08/10/2009 05:12 am ET | Updated May 25, 2011

CIA, Pelosi, Dems, Repubs, Media: All Guilty

Watching the hot potato of intelligence abuses get tossed from the CIA to the Democrats to the Republicans and back is a hoot for anyone who has monitored intelligence agency abuses and political repression.

Abuse and repression happens in both Republican and Democratic Administrations, and the CIA has lied to the elected politicians in charge of "oversight" since it was founded.

What is really happening here is that nobody wants to be caught holding the hot potato when it squishes into a mealy cold mess and soils their carefully-crafted public image.

The CIA, House Speaker Nancy Pelosi, the Democrats, the Republicans and the commercial media all share responsibility for what happened during the Bush Administration. The commercial media now is reporting on one hot potato and missing the big story of a history of institutionalized deception, denial, and dirty tricks that would reveal a huge barrel of rotting spuds.

When Democrats and Republicans see the American public running scared about threats to their safety -- real or imaginary, foreign or domestic -- the House and Senate committees assigned oversight of government intelligence agencies look the other way. They don't want to know what is really happening -- don't ask don't tell; just do what needs to be done. So the CIA, FBI, and other government agencies trample over the Constitution, Bill of Rights, and international law. In more cautious prose, this is basically what scholar William W. Keller found in his classic book The Liberals and J. Edgar Hoover. It is liberal denial that gives silent permission to authoritarian aggression and violence by our government. The bogeyman has shifted from communism to terrorism, but the dynamics remain the same.

And it has all happened before. Many of the lawsuits against intelligence agency abuses in the 1960s and 1970s were finally coming to a close in the late 1970s. The civil liberties lawyers in the Chicago cases proposed a settlement that included having the local police Red Squad, FBI, CIA, and Military Intelligence agree that in the future they would not violate First Amendment guarantees. This was rejected as outrageous. Does that tell you something about spy mentality and systemic problems?

I worked as a paralegal investigator in several of those lawsuits including the ones in Chicago and my main task was reading and analyzing hundreds of thousands of pages of spy files. Here is my short summary:

The intelligence agents filing spy reports ranged from brilliant and perceptive analysts to the scary equivalent of a bunch of drunken super-ideological frat boys with microphones and guns. The officials at the top of the information chain seldom could tell the difference. The outcome in terms of covert operations ranged from nuanced surgical manipulation to ham-handed bloody murder.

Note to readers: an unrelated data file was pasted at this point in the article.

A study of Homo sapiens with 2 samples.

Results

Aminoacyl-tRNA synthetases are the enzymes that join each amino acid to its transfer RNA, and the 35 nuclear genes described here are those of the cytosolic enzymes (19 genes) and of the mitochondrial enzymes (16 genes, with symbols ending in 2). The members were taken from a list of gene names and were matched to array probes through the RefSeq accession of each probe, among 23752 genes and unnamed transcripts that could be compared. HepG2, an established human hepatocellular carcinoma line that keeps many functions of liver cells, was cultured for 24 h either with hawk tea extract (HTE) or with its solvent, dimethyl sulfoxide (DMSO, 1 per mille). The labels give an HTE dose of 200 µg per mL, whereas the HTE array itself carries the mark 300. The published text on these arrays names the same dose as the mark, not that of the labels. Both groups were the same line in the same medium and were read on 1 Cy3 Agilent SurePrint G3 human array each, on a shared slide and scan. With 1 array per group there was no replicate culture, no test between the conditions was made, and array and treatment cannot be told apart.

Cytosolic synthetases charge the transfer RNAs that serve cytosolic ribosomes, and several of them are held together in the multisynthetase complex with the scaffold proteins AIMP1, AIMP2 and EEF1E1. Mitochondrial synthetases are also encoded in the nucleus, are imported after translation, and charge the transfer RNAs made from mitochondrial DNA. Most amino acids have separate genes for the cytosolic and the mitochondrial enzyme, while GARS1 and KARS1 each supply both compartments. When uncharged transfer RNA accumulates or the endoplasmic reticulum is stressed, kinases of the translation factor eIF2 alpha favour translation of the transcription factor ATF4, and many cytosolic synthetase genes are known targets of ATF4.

This remains a systemic problem. Progressives fuel scapegoating rather than structural changes when they talk about a "Secret Team" or describe intelligence agency abuses and domestic political repression as "aberrations" that imply they can be fixed by pillorying a few agency factotums as scapegoats. Sure, there are officials in the Bush Administration and the federal agencies during his term that probably broke the law and deserve to be indicted. Go for it. Enforce the laws. This makes politicians, public officials, and government employees pay attention for a few years. But it is the system of bipartisan collaboration with intelligence abuses and domestic political repression that needs to be reformed.

The reforms that reined in the intelligence agencies after the media and Congressional exposures of the 1970s didn't last long, and it was both Republicans and Democrats who gutted these safeguards.

I don't know what super-secret god-awful program the CIA is trying to hide. I do know that it is not an aberration in terms of historic agency plots. I don't know what the CIA told Nancy Pelosi and selected House Intelligence Committee members. I do know that if she wanted to know, she could have demanded answers. Consciously or unconsciously she looked the other way. Her attempts to claim she was fooled are sadly pathetic and woefully unconstructive.

We should not repeat her mistakes. We should not be satisfied with political mudslinging and bipartisan cover-ups that end with a public exorcism aimed at a handful of pitiful scapegoats. We need to raise hell and focus on the institutionalized problems. Speak out. Here are four simple points to make when contacting your federal Representatives and Senators. Tell them:

1. Secrecy is the enemy of democracy
2. Find your backbone and stand up
3. Demand public answers.
4 Seek major institutional reforms.

Change the system not the scapegoat.

How to contact your elected officials:

Note: Chip Berlet of Political Research Associates is a vice president of the Defending Dissent Foundation. His cantankerous views here are his own.